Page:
Renowned naturalist Sir Charles Darwin turns 200 this year, and although he may seem unrelated to the fossil of an ancient, bus-sized crocodile, it only proves that Darwin’s theories of evolution, are indeed, fact.
The Royal Tyrrell Museum has sunk its teeth into a 110-year-old replica skull of a “SuperCroc” fossil, an ancient creature whose skull measures 1.7 metres in length and counts 140 savage teeth.
The museum’s specimen puts modern crocs to shame.
The ‘Sarcosuchus’, or SuperCroc, skull has been brought into the museum as part of the Year of Darwin celebrations and an upcoming exhibit based on the theorizer’s ideas.
No other museum in Canada has such a specimen, which confirms one of Darwin’s theories, said Royal Tyrrell curator, Dr. Francois Therrien.
It gives an example predicted by Darwin of parallel evolution, “through adopting similar shapes by totally different animals in different parts of the world,” Dr. Therrien said, adding the gargantuan creature is not directly related to modern crocodiles.
SuperCroc is about twice the size of modern-day sea water reptiles, which normally measure close to five metres.
It is believed Sarcosuchus would’ve weighed eight metric tons, and was as long as the tyrannosaurus on display at the Tyrrell.
“The creature could have eaten dinosaurs, but it’s narrow snout shows it probably ate fish,” Dr. Therrien said, also mentioning the creature died out long before the dinosaurs did.
The original fossil was discovered in the ‘60’s in North Africa, where fish up to two metres in length flourished.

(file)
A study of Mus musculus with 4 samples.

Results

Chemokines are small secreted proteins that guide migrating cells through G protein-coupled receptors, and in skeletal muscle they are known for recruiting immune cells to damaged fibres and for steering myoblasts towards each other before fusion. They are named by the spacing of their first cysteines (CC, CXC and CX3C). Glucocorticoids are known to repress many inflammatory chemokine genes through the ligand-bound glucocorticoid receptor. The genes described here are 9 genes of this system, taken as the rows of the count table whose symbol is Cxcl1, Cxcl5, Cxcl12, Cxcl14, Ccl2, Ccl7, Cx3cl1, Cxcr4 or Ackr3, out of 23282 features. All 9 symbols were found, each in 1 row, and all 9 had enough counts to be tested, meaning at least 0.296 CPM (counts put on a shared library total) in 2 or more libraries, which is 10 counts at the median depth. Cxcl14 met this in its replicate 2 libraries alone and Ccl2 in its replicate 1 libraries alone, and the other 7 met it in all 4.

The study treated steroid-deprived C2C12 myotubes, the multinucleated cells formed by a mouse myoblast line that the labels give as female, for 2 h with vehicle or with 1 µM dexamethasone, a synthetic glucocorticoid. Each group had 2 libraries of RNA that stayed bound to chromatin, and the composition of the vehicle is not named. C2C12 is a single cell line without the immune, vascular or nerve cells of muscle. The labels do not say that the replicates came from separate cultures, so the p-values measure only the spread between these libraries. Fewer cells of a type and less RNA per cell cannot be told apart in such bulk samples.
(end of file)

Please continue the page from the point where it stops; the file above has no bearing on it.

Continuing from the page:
Unlike modern crocodiles, SuperCroc had a smooth back, not plated, and lived in estuaries (where fresh water meets the sea).
Dr. Therrien said a similar sized but separate species of giant crocodile once roamed parts of North America about 65 to 70 million years ago, around the time the dinosaurs died out.
“The Tyrrell is hosting a series of events to celebrate Darwin’s birth, including fossils such as this that prove evolution occurred,” said Dr. Therrien, who is studying the feeding behavior among extinct animals and plans to gather a great deal of information from this particular specimen.
“This is a big deal to get this,” he said.
The Royal Tyrrell is opening the exhibit “I think...”, named after a note left by Darwin, to commemorate not only his birth, but the 150th anniversary of his most acclaimed publication, On the Origin of Species.
In commemoration, the museum’s annual Speaker Series is dedicated to the legacy of Darwin, and the Tyrrell will bring in speakers on topics including Darwin’s life, work, evolution through natural selection, modern evolutionary biology and the social and cultural ramifications of evolutionary thought.
The speakers hail from universities and museums from across North America.
To catch a look at the gnarly fanged giant which is the SuperCroc, check out the Royal Tyrrell Museum when the Darwinian exhibit “I think...” opens May 16.